Meet the latest answer to Facebook burnout: Everyme

handAmidst all of the Instagram-Facebook focus, our attention has been collectively distracted. But as it turns out the world of social media kept on turning this week, and one of the best examples of that is Everyme.

The just launched iOS app has a familiar story: it’s built around the idea that we want to share but we want to do it selectively. Gone are the days when generalized groups and all-or-nothing dictates were good enough for users. That game has been disrupted by the likes of GroupMe and Google+ Circles, and taken to extremes like Pair. These days, users want better.

everyme1To use an analogy format that everyone loves, Everyme is like if Google+ Circles and Path had a baby. The app, which for the record is purely mobile, allows users to share content to specific groups that it helps you curate. You will have lists like “co-workers,” “close friends,” “family,” as well as “college buddies” – category naming is obviously up to you.

What helps to distinguish Everyme from the ever-growing pack is that it actually does an admirable job combing through your contacts and social networking contacts (it integrates with LinkedIn, Twitter, and Facebook) and creating designated groups. Which is a really important feature, because unlike many of its competitors, no part of Everyme has you going out and finding friends; it’s more like a social networking manager in this regard.

You interact with your contacts via messages that are sent through the app. So when you post something to a certain group, your network can choose whether to respond via text message, email, or the app itself. It weeds out the necessity of using the platforms it integrates. Of course if you’re prompted to create all the content here, then Everyme is going to get boring. Its Magic Stories feature is supposed to keep this from happening: it’s available under a Circle settings, and it pulls popular and interesting stories from your other accounts. For example, a relationship status change or job promotion would get siphoned into Everyme.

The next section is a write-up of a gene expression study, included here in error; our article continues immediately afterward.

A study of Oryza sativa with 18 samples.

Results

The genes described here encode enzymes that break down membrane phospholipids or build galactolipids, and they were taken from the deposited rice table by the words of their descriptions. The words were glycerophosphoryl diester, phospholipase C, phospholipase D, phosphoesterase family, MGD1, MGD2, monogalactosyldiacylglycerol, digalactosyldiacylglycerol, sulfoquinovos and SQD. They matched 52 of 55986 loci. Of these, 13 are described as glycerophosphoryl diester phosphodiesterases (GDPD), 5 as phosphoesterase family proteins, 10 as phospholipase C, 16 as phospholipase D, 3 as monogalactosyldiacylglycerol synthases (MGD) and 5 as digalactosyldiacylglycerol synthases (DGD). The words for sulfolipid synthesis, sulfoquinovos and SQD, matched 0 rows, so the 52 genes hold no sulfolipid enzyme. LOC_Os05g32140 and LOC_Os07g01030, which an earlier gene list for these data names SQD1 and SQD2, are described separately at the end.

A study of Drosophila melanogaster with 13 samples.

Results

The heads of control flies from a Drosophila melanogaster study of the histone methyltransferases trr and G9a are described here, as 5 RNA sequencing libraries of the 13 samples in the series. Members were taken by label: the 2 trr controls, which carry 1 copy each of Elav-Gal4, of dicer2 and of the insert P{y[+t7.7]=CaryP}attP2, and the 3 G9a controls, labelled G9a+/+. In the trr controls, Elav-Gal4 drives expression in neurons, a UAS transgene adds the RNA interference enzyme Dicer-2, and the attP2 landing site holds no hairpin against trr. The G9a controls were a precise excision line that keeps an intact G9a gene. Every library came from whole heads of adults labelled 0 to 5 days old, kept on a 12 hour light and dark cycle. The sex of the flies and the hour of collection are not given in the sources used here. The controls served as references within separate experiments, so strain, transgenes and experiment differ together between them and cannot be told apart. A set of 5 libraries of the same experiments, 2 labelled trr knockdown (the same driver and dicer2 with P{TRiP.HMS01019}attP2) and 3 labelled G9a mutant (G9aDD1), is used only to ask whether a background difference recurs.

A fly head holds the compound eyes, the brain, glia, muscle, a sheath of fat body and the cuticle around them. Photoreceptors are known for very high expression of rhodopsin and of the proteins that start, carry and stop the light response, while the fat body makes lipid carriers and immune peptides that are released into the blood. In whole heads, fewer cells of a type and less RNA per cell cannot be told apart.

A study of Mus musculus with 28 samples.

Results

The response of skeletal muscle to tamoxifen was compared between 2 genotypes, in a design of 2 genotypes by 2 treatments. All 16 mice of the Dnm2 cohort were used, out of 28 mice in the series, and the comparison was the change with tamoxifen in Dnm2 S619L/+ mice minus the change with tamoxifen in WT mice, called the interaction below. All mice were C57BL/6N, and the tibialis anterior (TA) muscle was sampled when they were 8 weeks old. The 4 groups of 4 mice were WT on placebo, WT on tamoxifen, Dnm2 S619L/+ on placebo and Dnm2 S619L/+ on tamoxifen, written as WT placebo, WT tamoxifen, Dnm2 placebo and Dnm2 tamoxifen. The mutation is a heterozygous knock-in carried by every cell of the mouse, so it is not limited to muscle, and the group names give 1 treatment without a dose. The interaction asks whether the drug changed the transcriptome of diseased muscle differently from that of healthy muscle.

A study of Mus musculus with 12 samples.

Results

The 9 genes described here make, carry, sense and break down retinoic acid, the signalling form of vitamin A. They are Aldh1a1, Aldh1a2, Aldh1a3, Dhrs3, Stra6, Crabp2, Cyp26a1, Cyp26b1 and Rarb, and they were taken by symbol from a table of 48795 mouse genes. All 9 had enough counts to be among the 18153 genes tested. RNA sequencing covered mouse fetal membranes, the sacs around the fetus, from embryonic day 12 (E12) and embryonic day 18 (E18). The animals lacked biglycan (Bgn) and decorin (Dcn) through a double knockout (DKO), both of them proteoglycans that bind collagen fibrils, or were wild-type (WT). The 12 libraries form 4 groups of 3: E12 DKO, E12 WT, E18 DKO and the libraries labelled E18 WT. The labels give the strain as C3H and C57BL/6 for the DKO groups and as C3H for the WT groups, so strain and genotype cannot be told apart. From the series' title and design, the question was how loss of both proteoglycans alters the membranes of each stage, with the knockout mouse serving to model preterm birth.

everyme2In short, it feels like a good recipe for Facebook hangover. It has a beautiful interface that complements a healthy dose of usability. It doesn’t try to do too much but you still get all the important bullet points from your social networks without the barrage of baby pictures and Farmville updates. Of course, you can do this within Facebook if you take the time to sort lists and hide users, but if you want to save yourself from the site as much as possible, then you’ll want to try Everyme.

It should go without saying that Everyme faces all the challenges that every other social app does: it’s not Facebook and it’s not Twitter, and getting users to make yet another social networking account is becoming more and more difficult. But somewhere in the fallout over Path privacy, the Pair hype, and Instagram sale, Everyme has been able to carve out a pretty significant amount of attention. CEO Oliver Camera told TechCrunch today that 200,000 people are in Everyme Circles and the app has been downloaded by 24,000 users. Not bad for launching on Tuesday.